Japan's powerful Ministry of Economy, Trade & Industry (METI) is supporting the J.League's push to raise its presence in Asia, with financial support for three top-tier football clubs to promote themselves in different countries. Gamba Osaka, Kashiwa Reysol and Kawasaki Frontale are to get up to 25M yen ($250,000) each in assistance from METI to hold promotional activities in Indonesia, Thailand and Vietnam, respectively. This will begin with football coaching sessions for children from August until the end of the year, in Jakarta by Gamba Osaka, in Bangkok by Kashiwa Reysol and in Ho Chi Minh City by Kawasaki Frontale. Kei Koyama from the J.League's Asia Office told SBD Global, "Up to two-thirds of expenses will be covered by METI as part of its Test Marketing program for overseas activities, though the details of which clubs will do what and where, are still being confirmed." METI is overseeing a Cool Japan Fund of public and private money that is set to rise to 100B yen ($1B), designed to promote all things Japanese overseas, from sport and entertainment to anime and music.
SPONSORSHIP OPPORTUNITY: The three clubs were founded by, and still sponsored and part-owned by, major electronics manufacturers, which will use the opportunity to push their products in the three emerging markets. Panasonic sponsors Gamba Osaka, Hitachi backs Kashiwa Reysol and Fujitsu is allied with Kawasaki Frontale. The J.League is struggling to expand at home, and is looking to tap into the high-growth economies of Southeast Asia for merchandising and broadcast rights revenue. Average attendances at J 1 games averaged more than 19,000 in the late 2000s, but have fallen back into the 17,000s range in the current decade. As well as a slowly shrinking population, Japanese football has been somewhat a victim of its own success as many of its best players have left to ply their trade in European leagues. Japan has also begun to export coaches, with Toshiya Miura taking over as the manager of the Vietnam national team in May. The appointment of Miura, who has previously managed six J.League teams, makes him the first Japanese coach of an overseas national team. Gavin Blair is a writer in Tokyo.
With netball drawing bigger crowds than some National Rugby League games, administrators "are considering moving matches to bigger stadiums and changing the structure to keep more teams in contention for the finals," according to John Stensholt of the SYDNEY MORNING HERALD.
The moves, also designed to be more friendly for broadcasters, "come as the sport's flagship competition, the ANZ Championship, enters its final stages."
Crowds across the 10-team competition "are up about 8 per cent compared with the 2013 season and television ratings have increased about 15 per cent." Trans-Tasman netball league GM Andy Crook said that the Australian teams "need to take more matches to larger stadiums." He said, "In order for us to keep growth and for the sport to go to the next level, we need to move to those bigger venues." Netball Australia and its New Zealand counterparts "are also negotiating a new broadcast deal with the contract incumbents SBS, Fox Sports Australia and Sky Sport in New Zealand." Crook "hoped a new deal could be signed within about two months, with next year's Netball World Cup in Sydney also part of the contract" (SMH, 6/11).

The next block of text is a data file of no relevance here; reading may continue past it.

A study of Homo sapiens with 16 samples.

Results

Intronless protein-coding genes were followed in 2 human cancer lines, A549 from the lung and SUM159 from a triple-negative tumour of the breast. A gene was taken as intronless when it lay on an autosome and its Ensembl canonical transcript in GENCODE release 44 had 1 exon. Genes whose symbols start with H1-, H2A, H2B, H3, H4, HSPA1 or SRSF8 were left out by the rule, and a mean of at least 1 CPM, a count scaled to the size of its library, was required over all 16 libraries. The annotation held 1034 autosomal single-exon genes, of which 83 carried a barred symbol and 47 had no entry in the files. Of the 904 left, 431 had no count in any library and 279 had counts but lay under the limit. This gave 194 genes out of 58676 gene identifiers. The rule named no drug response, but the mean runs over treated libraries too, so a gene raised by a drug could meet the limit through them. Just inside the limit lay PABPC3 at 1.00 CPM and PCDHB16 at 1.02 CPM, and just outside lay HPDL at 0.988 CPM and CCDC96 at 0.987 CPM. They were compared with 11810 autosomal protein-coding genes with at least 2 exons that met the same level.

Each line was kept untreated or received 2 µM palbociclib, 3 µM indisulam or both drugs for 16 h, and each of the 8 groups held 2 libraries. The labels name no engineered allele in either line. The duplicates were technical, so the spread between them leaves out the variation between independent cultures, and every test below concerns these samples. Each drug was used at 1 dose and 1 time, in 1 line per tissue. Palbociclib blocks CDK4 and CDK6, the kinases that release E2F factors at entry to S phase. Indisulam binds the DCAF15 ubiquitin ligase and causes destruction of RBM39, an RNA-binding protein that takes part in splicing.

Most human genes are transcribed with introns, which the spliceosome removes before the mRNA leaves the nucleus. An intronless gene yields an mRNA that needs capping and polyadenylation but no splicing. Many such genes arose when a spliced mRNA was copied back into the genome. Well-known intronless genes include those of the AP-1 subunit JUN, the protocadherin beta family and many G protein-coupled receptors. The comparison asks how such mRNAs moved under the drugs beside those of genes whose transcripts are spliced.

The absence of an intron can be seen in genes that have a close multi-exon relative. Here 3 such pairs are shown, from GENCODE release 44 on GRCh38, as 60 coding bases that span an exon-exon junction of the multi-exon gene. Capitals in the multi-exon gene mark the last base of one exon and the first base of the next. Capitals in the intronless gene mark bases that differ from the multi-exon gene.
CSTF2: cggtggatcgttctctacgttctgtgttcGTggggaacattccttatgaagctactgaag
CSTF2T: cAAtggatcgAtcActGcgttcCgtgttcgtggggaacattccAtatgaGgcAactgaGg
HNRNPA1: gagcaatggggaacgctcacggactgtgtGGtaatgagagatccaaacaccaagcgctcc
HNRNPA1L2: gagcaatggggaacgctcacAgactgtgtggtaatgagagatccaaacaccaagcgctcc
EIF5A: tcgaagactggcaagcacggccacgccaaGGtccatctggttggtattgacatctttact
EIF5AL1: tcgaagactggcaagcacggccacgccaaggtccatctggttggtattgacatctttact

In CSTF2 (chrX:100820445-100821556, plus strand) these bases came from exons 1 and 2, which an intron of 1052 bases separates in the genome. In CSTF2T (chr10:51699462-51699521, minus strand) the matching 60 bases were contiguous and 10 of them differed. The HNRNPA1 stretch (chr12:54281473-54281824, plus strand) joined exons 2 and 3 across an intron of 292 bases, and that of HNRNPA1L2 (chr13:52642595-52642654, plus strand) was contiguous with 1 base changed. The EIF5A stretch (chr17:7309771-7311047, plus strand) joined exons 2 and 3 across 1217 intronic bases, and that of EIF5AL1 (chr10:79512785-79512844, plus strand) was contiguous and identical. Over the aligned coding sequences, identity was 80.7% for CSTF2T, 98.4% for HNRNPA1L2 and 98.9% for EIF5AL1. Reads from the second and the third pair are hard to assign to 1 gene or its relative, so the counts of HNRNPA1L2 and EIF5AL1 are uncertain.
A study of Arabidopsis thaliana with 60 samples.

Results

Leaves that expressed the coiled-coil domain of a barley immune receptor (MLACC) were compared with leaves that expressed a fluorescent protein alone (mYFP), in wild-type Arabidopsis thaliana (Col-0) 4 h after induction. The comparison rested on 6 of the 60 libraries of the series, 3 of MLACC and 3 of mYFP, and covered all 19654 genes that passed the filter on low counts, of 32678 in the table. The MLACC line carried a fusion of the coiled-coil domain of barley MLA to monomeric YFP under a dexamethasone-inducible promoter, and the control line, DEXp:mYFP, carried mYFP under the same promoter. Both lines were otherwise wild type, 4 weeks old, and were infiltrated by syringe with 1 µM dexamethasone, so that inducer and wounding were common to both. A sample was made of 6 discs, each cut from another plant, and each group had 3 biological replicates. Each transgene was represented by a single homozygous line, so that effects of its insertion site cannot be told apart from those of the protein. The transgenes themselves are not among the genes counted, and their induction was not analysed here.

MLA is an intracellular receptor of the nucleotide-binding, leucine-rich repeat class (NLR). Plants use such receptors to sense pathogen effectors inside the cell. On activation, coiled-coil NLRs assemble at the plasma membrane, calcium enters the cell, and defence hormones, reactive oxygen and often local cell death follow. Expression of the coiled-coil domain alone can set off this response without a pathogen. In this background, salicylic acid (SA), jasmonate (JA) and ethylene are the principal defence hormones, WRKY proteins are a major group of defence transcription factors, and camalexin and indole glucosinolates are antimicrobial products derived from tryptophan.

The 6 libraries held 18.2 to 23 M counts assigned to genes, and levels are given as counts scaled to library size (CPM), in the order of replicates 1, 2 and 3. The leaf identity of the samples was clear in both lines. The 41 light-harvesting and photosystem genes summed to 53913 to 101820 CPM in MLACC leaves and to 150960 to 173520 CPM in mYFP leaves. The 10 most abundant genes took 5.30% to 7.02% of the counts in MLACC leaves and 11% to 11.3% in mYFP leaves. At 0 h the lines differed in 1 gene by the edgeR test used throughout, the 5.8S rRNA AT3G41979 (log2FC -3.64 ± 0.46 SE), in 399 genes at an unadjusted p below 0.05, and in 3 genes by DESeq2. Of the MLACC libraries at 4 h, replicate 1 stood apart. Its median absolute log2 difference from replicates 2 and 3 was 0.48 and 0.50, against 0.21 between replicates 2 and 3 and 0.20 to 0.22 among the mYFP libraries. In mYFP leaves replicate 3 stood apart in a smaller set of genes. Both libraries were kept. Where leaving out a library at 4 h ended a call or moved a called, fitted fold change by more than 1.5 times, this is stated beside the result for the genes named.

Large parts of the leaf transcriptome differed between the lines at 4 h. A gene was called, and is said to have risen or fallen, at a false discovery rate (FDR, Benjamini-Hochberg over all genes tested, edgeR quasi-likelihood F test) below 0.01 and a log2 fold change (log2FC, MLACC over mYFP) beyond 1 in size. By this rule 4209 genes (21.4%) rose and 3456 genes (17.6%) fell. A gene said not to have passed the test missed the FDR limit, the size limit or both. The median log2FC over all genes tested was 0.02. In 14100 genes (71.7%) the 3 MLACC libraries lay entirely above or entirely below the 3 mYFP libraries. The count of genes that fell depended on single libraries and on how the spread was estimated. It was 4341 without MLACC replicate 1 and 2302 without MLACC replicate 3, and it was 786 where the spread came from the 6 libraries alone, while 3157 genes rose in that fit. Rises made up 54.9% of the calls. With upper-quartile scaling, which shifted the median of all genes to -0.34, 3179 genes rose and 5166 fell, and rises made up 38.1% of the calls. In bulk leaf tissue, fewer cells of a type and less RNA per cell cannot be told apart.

Israel Sports Minister Limor Livnat "has written to FIFA President Sepp Blatter to defend her country's travel restrictions on some Palestinian players on security grounds," according to the AP.
The Palestine FA has urged the FIFA Congress "to suspend Israel from FIFA unless it lifts restrictions on Palestinian players."
Blatter "tried to mediate the grievances during a trip to Jerusalem and the West Bank in late May." Livnat wrote to Blatter to say that Israel would allow Palestinian athletes to "exit and enter for the purpose of sports, excluding occasions in which there are attempts to make use of sports in order to injure or threaten the security of our citizens."
The minister said that Israel "detained a Palestinian national team player, Sameh Maraabeh, in late April on suspicion he met with a 'military activist' of the Islamic militant group Hamas" (AP, 6/11). The JERUSALEM POST reported Israel Security Agency (Shin Bet) on Wednesday announced that "it had provided the IDF legal division with evidence to indict a Palestinian soccer player for alleged meetings with a Hamas terrorist in Qatar." The Shin Bet said that while in Qatar, Samah Fares Muhamed Marava "met with Talal Ibrahim Abd al-Rahman Sarim, part of Hamas' military wing." Marava "received money, a cellphone and written messages which Talal Sarim asked him to bring to Hamas operatives in Kalkilya" (JERUSALEM POST, 6/11).
The women's Bundesliga "set a new attendance record during the '13-14 season," according to SPORT1. The German Football Federation (DFB) "confirmed that an average of 1,185 spectators attended the games." The league's previous attendance record of an average of 1,121 fans was set in '11-12. The new record "represents a 6% increase." The final matchday "also set a new record." At total 17,620 fans "attended the 11 games on Sunday." The matchup between VfL Wolfsburg and FFC Frankfurt attracted 12,464 spectators and "set a new single-game attendance record." Wolfsburg defended its league title with a 2-1 win over Frankfurt. DFB Dir Heike Ullrich said, "This record season is a tremendous sign for the development of the women's Bundesliga and a fantastic signal for the upcoming season" (SPORT1, 6/10).